Louise Ho Pui-shan, commissioner of Customs and Excise, during the interview with China Daily. (CALVIN NG / CHINA DAILY)

The Hong Kong Customs and Excise Department plans to send new hires to the Chinese mainland during orientation training to give them a sense of the nation’s culture, history, regime and situation, and the department’s role in safeguarding national security.

Louise Ho Pui-shan, commissioner of Customs and Excise of the Hong Kong Special Administrative Region, told China Daily in an interview that those already working at the department will make similar visits.

Overseas anti-China criminals have changed their ways of doing things by resorting to ‘soft confrontation’ tactics, through which they develop propaganda … to mislead the city’s youth and provoke them to commit crimes.

Louise Ho Pui-shan, commissioner of Customs and Excise

The mainland visits for both the new hires and veteran employees will take place when the pandemic eases, she said.

Ho said the department has taken a raft of initiatives to enhance national security education in and outside the force since the National Security Law for Hong Kong came into effect in June 2020.

Education on national security has also been included in the training for new hires. A designated website on national security has been set up for employees to learn more about it, Ho said.

National security-related materials, such as President Xi Jinping’s speech in Hong Kong on July 1 and materials on the essence of the 20th National Congress of the Communist Party of China, have been uploaded to the website for officers to study. They will have to pass tests related to the materials, Ho said.

The department has also set up a national security “information corner”, which is home to books, photos of magazines about the country’s culture, politics, scientific and economic development.

Externally, the department is increasing the frequency of Hong Kong Customs College Open Day, to deepen public understanding of national security, as well as the department’s duty and jobs.

The open day is on April 15 — the National Security Education Day every year — on which all the disciplinary forces in the city make a joint effort to assist the public in gaining a thorough understanding of the importance of national security.

In addition, Hong Kong Customs is taking advantage of high technology to develop smart customs to fend off crimes and enhance efficiency.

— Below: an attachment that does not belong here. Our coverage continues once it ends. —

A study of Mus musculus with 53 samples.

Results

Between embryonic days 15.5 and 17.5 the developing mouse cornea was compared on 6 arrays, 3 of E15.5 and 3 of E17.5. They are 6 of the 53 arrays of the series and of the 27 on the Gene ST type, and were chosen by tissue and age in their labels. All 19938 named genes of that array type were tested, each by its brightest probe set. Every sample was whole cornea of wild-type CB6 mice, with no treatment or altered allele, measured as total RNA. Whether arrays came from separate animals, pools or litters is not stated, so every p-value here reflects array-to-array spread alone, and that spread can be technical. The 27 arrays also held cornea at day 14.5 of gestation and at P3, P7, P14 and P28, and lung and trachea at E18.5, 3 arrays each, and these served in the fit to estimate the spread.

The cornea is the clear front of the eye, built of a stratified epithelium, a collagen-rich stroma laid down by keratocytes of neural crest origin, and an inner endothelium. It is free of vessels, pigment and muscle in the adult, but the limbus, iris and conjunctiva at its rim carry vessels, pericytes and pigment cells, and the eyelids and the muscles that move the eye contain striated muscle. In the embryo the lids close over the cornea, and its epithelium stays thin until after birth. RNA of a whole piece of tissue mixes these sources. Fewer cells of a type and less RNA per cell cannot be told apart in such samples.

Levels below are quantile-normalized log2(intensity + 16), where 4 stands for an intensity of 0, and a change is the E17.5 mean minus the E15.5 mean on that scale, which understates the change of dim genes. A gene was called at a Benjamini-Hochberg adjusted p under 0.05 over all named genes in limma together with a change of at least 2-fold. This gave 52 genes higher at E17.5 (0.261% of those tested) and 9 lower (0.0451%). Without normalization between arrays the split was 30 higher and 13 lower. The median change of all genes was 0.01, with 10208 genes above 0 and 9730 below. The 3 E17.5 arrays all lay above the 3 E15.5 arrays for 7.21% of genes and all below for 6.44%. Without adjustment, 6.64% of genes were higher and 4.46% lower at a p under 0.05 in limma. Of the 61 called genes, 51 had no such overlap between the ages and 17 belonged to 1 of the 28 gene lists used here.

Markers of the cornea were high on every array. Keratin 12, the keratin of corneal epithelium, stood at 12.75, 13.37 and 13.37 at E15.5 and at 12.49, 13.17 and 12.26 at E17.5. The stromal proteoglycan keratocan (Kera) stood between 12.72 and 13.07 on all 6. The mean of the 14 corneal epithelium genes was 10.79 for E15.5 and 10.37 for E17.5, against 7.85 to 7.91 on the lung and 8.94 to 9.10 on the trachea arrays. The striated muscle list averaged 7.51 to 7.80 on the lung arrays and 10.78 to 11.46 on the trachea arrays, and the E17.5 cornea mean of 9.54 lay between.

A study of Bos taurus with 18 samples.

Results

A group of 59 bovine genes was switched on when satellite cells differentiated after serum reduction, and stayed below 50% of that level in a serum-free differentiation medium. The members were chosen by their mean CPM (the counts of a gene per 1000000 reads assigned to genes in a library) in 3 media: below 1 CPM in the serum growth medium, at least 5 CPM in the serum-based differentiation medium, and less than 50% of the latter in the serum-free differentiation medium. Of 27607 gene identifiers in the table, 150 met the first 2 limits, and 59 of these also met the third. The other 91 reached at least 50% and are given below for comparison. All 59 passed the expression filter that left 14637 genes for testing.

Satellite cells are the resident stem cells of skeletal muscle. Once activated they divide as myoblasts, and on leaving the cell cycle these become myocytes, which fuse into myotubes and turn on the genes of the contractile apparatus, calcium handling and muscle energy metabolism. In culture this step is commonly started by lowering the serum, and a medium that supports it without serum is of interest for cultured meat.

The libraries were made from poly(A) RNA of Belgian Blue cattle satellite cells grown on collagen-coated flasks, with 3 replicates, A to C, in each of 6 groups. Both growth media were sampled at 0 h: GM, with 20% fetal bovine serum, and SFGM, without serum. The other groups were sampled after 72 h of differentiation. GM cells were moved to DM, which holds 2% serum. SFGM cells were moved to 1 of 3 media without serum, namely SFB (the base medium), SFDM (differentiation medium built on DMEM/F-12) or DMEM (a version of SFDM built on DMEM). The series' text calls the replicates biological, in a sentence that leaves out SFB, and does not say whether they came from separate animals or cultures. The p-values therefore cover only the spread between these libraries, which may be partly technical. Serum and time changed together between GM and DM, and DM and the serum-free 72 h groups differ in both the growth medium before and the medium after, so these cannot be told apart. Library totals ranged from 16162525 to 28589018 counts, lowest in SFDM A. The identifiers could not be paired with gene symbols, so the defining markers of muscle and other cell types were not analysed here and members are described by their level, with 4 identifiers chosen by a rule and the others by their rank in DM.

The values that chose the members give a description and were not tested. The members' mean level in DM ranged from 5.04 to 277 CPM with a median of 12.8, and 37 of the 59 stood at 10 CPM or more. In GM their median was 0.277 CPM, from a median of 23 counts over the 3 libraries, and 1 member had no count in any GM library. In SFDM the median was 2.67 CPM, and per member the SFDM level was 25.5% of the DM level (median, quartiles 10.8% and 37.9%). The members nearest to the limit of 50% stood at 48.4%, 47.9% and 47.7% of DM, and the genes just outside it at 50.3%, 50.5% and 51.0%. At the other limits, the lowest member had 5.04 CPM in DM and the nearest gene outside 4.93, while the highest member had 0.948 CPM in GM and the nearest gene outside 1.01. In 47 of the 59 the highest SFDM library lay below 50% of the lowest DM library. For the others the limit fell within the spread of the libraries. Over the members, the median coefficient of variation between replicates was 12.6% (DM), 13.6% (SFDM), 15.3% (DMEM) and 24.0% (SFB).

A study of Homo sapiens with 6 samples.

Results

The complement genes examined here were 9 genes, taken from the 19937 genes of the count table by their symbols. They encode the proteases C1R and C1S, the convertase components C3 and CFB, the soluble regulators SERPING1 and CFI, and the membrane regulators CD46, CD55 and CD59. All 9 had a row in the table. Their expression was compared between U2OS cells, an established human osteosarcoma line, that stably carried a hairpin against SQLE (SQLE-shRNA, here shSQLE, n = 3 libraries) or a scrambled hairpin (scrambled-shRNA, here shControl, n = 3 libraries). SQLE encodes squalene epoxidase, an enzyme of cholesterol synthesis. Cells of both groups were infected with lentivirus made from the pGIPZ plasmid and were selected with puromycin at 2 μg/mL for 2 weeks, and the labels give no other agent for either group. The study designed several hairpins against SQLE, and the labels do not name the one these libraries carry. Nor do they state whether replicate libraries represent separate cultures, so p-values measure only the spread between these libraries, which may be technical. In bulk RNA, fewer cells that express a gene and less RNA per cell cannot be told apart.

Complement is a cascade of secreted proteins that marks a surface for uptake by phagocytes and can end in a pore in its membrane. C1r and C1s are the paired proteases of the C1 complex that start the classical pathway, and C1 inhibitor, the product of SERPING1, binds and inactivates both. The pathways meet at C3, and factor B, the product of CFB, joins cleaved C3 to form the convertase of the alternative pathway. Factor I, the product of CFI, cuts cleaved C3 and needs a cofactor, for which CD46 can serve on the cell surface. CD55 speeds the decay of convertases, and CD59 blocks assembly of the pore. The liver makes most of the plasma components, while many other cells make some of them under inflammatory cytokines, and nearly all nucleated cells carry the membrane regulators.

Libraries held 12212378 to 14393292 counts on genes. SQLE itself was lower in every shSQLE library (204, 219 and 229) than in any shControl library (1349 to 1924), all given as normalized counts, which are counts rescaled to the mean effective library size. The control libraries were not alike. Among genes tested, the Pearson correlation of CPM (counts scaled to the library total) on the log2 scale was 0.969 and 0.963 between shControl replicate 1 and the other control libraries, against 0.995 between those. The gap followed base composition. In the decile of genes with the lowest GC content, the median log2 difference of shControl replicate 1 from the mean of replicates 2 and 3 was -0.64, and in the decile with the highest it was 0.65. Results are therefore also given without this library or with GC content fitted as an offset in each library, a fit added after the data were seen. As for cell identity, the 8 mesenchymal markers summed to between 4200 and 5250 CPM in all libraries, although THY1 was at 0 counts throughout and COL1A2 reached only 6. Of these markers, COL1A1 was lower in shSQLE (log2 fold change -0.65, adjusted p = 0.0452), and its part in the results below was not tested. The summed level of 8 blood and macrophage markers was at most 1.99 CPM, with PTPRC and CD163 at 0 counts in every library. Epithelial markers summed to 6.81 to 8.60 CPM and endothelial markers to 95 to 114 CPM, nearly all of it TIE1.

Hong Kong Customs promulgated the “Smart Customs Blueprint” in 2019, aiming to build itself into a data-driven department. In June, the Legislative Council gave the department HK$3.4 billion ($433 million) to construct the infrastructure facilities for smart customs, including cloud-based equipment, big data capabilities, and the means to maintain technological security.

“The National Security Law has stabilized the city overall. However, we need to raise awareness to guard against infiltration of ideology. In particular, we should look out for brainwashing items aiming at the youngsters, to prevent the tragedy from reoccurring,” Ho said.

Ho said she believes that overseas anti-China criminals have changed their ways of doing things by resorting to “soft confrontation” tactics, through which they develop propaganda, including books and publications to mislead the city’s youth and provoke them to commit crimes.

Combating soft confrontation will require gathering intelligence, Ho said. She pledged that Hong Kong Customs will work closely with other national security-related departments to exchange information. Once anomalies are detected, Hong Kong Customs will take action immediately, Ho added.

Ho also said Hong Kong Customs also pays special attention to the importation of airsoft guns and their accessories, as they may threaten national security after illegal modification.

Hong Kong Customs will strengthen cooperation with the police in this regard. If any suspicious airsoft guns or accessories are found, Hong Kong Customs will ask police to come to the scene and determine whether to take over the investigation, Ho added.

Because of the pandemic, Hong Kong International Airport and the border with the mainland are not fully open, and the number of smuggling cases involving travelers are fewer. Instead, smuggling cases through freight transport have increased, Ho said.

Criminals may take advantage of the spaces in the cargo to hide smuggled goods, Ho said.

On Oct 26, Hong Kong Customs foiled an attempt to smuggle to the mainland goods worth HK$300 million, the city’s largest sea smuggling case this year. A batch of food ingredients, table wines, electronic goods, solid waste, and endangered species was seized inside 10 containers of wooden boxes in an oceangoing vessel.

As for money laundering, criminals are becoming more sophisticated in using cryptocurrencies. Hong Kong Customs smashed a suspected money-laundering syndicate that used cryptocurrency to process illegal funds totaling HK$1.2 billion in July 2021.

Most cases involving young people that are of concern to customs relate to the trafficking of illegal drugs and the smuggling of illicit cigarettes. In addition, trends reveal that young people committing crimes are becoming younger and their crimes a becoming more severe, Ho said.

Teenagers are turning to crime at are younger age and are playing increasingly important roles in criminal cases. They may be in charge of a drugs warehouse, distribute drugs, or hand out telephone numbers for ordering illicit cigarettes on public housing estates. In a recent drugs case, one suspect was only 14 years old.